Making paintings popular again

It is hard to appreciate that, around 150 years ago, painting was so popular that the Paris Salon was able to attract over a million visitors, although the whole population of Paris was less than two million. It would be a bit like the Royal Academy’s Summer Exhibition in London getting over four million visitors.

Paintings also used to attract great press attention: critics like Émile Zola wrote for newspapers about modern painting during the mid-1800s, and weekly magazines such as La Vie Moderne (1879-83) were popular enough to organise their own art exhibitions. Painted moving panoramas were profitable enough to fill Broadway theatres, and to tour Europe and the US.

Then sometime in the twentieth century, it all went wrong. Painting became increasingly introspective and out of touch with the real world of everyday people. Photography became hugely popular, with photo news magazines selling internationally. Movies and then television became huge industries, which have come to dominate almost everything else.

The fine arts industry did not disappear, though. It continued its commercial development, but not in the popular way that dealers like Georges Petit and Durand-Ruel had seen it, by throwing their gallery doors open to all and sundry, and mounting Universal Expositions. Now the dealers, auction houses, and critics have gone straight for the wallets of those with serious money, and the drive to speculate, accumulate, and profit.

Today, if you were to ask the proverbial person on the Clapham omnibus, or NY subway train, to name some modern painters, few would be able to come up with a single valid answer. If I were to ask you to visualise in your mind the most memorable paintings you have seen, most would have been painted before 1900.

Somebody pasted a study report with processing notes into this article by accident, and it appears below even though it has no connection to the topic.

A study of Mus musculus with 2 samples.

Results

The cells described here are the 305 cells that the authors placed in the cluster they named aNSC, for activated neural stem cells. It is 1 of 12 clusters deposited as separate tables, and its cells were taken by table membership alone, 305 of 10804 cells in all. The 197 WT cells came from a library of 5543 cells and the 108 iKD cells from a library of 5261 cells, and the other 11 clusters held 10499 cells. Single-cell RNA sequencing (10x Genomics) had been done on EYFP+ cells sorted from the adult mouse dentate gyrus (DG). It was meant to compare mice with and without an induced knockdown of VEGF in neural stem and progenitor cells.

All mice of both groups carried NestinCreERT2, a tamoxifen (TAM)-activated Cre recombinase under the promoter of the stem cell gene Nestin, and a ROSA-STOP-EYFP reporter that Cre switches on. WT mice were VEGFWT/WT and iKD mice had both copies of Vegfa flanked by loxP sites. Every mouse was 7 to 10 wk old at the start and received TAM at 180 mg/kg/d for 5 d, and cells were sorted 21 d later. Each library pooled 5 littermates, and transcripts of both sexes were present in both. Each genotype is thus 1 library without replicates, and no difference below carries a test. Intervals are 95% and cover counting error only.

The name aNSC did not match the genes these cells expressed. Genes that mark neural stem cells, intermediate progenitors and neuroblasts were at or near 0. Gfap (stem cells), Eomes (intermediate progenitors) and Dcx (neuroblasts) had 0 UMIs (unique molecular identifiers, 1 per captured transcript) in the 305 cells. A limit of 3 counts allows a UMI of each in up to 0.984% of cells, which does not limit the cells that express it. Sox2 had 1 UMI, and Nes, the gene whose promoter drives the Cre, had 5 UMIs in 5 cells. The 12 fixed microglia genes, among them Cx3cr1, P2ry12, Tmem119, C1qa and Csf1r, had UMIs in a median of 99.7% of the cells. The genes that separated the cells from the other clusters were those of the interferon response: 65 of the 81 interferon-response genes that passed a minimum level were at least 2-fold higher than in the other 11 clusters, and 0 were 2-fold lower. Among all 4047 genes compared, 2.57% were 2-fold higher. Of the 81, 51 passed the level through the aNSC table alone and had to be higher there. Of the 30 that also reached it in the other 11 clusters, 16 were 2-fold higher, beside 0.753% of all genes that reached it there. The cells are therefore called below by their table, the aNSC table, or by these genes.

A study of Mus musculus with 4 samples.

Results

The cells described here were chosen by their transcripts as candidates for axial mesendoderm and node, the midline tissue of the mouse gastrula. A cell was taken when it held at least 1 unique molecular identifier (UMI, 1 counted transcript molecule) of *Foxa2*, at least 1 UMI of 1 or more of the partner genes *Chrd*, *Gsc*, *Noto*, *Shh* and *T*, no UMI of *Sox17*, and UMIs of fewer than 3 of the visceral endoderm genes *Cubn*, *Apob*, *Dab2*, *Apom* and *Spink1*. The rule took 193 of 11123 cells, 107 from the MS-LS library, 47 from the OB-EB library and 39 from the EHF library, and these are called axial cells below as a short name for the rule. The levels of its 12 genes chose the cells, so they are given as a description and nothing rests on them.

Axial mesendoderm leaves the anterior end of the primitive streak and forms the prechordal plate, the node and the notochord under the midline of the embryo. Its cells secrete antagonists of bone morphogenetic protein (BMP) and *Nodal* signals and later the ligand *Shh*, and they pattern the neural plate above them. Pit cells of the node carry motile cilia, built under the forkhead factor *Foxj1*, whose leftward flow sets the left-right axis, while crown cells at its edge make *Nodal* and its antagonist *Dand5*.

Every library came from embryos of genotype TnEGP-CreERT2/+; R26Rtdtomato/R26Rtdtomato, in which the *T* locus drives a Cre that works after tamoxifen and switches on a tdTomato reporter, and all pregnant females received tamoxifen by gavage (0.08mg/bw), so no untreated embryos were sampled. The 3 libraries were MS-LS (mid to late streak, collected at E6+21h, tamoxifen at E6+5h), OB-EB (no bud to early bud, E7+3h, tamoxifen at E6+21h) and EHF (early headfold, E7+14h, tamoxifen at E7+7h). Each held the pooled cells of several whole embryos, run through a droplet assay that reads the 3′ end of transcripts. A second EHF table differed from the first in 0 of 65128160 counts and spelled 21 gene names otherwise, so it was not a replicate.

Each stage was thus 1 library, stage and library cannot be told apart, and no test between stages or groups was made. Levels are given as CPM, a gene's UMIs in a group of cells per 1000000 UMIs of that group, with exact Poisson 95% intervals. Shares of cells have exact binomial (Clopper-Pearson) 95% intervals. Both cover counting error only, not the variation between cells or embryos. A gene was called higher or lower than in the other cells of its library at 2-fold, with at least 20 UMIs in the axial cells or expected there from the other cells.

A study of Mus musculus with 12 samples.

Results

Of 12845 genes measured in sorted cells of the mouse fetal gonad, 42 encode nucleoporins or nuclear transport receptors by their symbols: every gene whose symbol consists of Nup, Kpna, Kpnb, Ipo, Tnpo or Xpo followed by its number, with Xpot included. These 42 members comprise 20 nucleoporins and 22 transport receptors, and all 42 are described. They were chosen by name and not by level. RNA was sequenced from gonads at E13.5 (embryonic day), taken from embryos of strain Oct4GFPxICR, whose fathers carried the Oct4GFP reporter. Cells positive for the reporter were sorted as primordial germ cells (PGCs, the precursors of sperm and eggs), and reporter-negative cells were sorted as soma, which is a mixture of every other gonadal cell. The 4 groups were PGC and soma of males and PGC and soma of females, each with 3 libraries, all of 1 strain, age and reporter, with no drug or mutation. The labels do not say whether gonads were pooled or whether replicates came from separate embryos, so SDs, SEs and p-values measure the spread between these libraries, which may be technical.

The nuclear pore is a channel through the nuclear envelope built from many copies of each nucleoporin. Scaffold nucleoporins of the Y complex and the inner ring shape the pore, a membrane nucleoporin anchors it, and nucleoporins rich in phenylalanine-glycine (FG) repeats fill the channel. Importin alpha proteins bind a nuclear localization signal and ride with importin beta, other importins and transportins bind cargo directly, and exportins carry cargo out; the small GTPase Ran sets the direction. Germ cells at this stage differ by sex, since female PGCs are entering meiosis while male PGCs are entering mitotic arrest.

Let’s face it, modern painting has all but disappeared into its splendidly jewelled navel.

What is frustrating is that this is not because of any shortage of superb paintings from brilliant artists. One good outcome from the turmoil of the twentieth century is that they can paint in whatever style takes your fancy.

The snag is that the established fine arts industry remains disinterested in the reason for painting in the first place. It matters not to them whether any modern painting is seen outside of the small group of obscenely rich people whose money (and speculative business) keeps the auction houses, dealers, agents, and their hangers-on, in business. Painting for the people? Only if those people are prepared to pay seriously for it, it seems.

I think this money-driven and money-controlled industry is thoroughly bad for painting, and for the people. Were it not for the work of enthusiasts in the galleries, and hard-working artists themselves, our children and their children would probably never see real works of art in the flesh. Then, for the first time since the Renaissance, we would have whole generations brought up having never seen a ‘proper’ painting in real life – much as we might fear the same for reading a ‘proper’ novel.

If we value paintings not as movable property but as works of art which are central to our culture, we must promote them, their appreciation, and understanding. We must talk to our children and grandchildren about paintings, and take them to galleries where they can see and learn about some of the most enduring, powerful, moving, and important objects made by humans.

We must also expose people using the Internet to paintings, to remind them of the wonderful works of the past, and of the present. Modern painters – and those who represent painters now dead, but whose work is still in copyright – must encourage the use of images of their work. Releasing medium resolution images to Wikimedia Commons under appropriate licensing is an effective way to do this. Sharing them on social media will make some into memes, placing them squarely to the fore of modern culture.

Our discourse and discussion about paintings will no longer grind to a halt somewhere around the First World War, but will be current, contemporary, and topical. Works which address issues of the day will add to the debates on social and political matters, rather than being hung on the walls of mansions. Society will once again guide the direction of painting.

We all have roles to play, if we are to restore painting to the heart of culture, as it had been for so many centuries. Let’s make paintings popular once more.